By Serge F. Kovaleski
The Washington Post

A Buddhist nun who initially claimed that a Democratic activist gave her $5,000 in small bills to donate to the Democratic party is now telling federal officials she gave her own money, according to sources familiar with her account.

Man Ya Shih said $5,000 she donated came from funds given to her by Buddhist followers she has met over the years in various countries, the sources said.

Shih's statement to the FEC is the latest twist in a bizarre chapter of the ongoing controversy over improper donations to the Democratic National Committee. The DNC's unusual fund-raiser in April at a branch of the Hsi Lai Buddhist Temple, and Shih's donation in particular, provided some of the initial impetus for the FEC's ongoing inquiry into numerous donations solicited by one of the DNC's former top fund-raisers, John Huang. The DNC has returned nearly $1.5 million in donations handled by Huang, including Shih's, in the past two months.

In an Oct. 17 article, the Wall Street Journal quoted Shih as saying a woman she recognized as a Democratic activist and Buddhist devotee, but whose name she could not remember, approached her at the temple fund-raiser, handed her her $5,000 in cash and asked her to write a check to the DNC for the same amount.

Shih was quoted as saying that she agreed to the request when the activist explained to her that "someone donated some money and they don't want to use their own name, and so you represent them and donate the money to the Democratic Party." In subsequent interviews, Peter D. Kelly, a lawyer representing the temple, told The Washington Post and The Los Angeles Times that Shih gave the same account to him.

Under federal election law, it is illegal to donate money through another person or entity in order to conceal the source of the contribution. The Justice Department, which is conducting its own review of the DNC's fund raising, is particularly interested in whether any DNC contributors donated other people's funds, officials there have said.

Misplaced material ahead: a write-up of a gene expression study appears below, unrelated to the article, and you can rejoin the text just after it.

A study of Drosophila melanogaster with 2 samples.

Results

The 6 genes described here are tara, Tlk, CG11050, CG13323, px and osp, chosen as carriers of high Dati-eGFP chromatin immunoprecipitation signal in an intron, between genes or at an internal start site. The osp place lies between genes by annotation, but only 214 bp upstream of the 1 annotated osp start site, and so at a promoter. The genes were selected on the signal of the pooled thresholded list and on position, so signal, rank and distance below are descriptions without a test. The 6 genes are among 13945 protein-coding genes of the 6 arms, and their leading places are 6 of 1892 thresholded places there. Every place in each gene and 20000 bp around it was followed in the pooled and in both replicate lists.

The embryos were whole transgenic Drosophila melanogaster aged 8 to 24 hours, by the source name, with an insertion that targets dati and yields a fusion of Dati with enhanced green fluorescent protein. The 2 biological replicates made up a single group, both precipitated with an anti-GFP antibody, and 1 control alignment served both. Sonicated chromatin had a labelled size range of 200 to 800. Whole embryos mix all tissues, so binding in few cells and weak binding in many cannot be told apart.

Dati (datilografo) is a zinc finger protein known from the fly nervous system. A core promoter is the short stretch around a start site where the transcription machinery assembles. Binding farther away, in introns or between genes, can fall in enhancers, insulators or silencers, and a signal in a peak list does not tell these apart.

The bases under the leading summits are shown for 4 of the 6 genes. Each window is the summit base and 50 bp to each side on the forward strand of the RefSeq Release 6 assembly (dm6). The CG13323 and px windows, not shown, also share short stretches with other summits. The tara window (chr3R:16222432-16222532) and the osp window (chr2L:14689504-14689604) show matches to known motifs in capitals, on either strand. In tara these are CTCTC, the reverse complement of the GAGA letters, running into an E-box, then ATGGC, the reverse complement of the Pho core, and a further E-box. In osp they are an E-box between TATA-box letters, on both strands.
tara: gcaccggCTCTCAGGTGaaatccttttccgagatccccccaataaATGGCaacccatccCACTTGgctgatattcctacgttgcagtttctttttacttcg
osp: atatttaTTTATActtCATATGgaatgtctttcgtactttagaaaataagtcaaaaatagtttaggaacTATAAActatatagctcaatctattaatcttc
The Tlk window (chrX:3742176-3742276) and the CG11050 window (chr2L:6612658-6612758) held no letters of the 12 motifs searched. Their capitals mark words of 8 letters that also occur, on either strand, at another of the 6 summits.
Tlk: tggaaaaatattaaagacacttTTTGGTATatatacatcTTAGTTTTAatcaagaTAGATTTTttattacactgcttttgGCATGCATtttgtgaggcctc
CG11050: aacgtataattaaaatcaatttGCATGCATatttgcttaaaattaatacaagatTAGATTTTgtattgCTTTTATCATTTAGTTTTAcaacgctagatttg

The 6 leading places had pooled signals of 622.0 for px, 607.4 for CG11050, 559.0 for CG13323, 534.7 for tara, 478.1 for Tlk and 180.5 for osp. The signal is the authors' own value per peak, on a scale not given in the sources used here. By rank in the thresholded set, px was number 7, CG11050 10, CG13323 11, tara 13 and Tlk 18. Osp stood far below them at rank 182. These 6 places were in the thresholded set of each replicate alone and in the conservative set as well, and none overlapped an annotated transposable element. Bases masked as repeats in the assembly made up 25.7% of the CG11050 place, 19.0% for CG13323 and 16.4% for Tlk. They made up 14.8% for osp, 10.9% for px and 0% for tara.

Following publication of the Journal's article, temple representatives told reporters that Shih left her home in Richardson, Tex., where she heads a temple branch, to attend a Buddhist retreat in Taiwan, and would not return until after the presidential election.

Shih has not been quoted publicly since, but sources said she has privately been telling associates for more than a month yhat she made the donation out of her own savings from "offerings" from Buddhist devotees who want to support her, and as well money from her family in Taiwan.

Sources said that Shih wrote the commission that she was not sure how to handle the Wall Street Journal reporter when he called to inquire about the fund-raiser. Shih wrote that she told the story about the Democratic activist giving her the cash simply to get the reporter off the phone. Shih has described this as a "harmless lie," a source said.

Thursday, Kelly declined to comment on Shih's FEC response, saying he does not have the authority to speak on her behalf any more because he no longer represents her. Shih's new lawyer, Ricky W. Poon, in Los Angeles, would only confirm that his client had filed a statement with the FEC.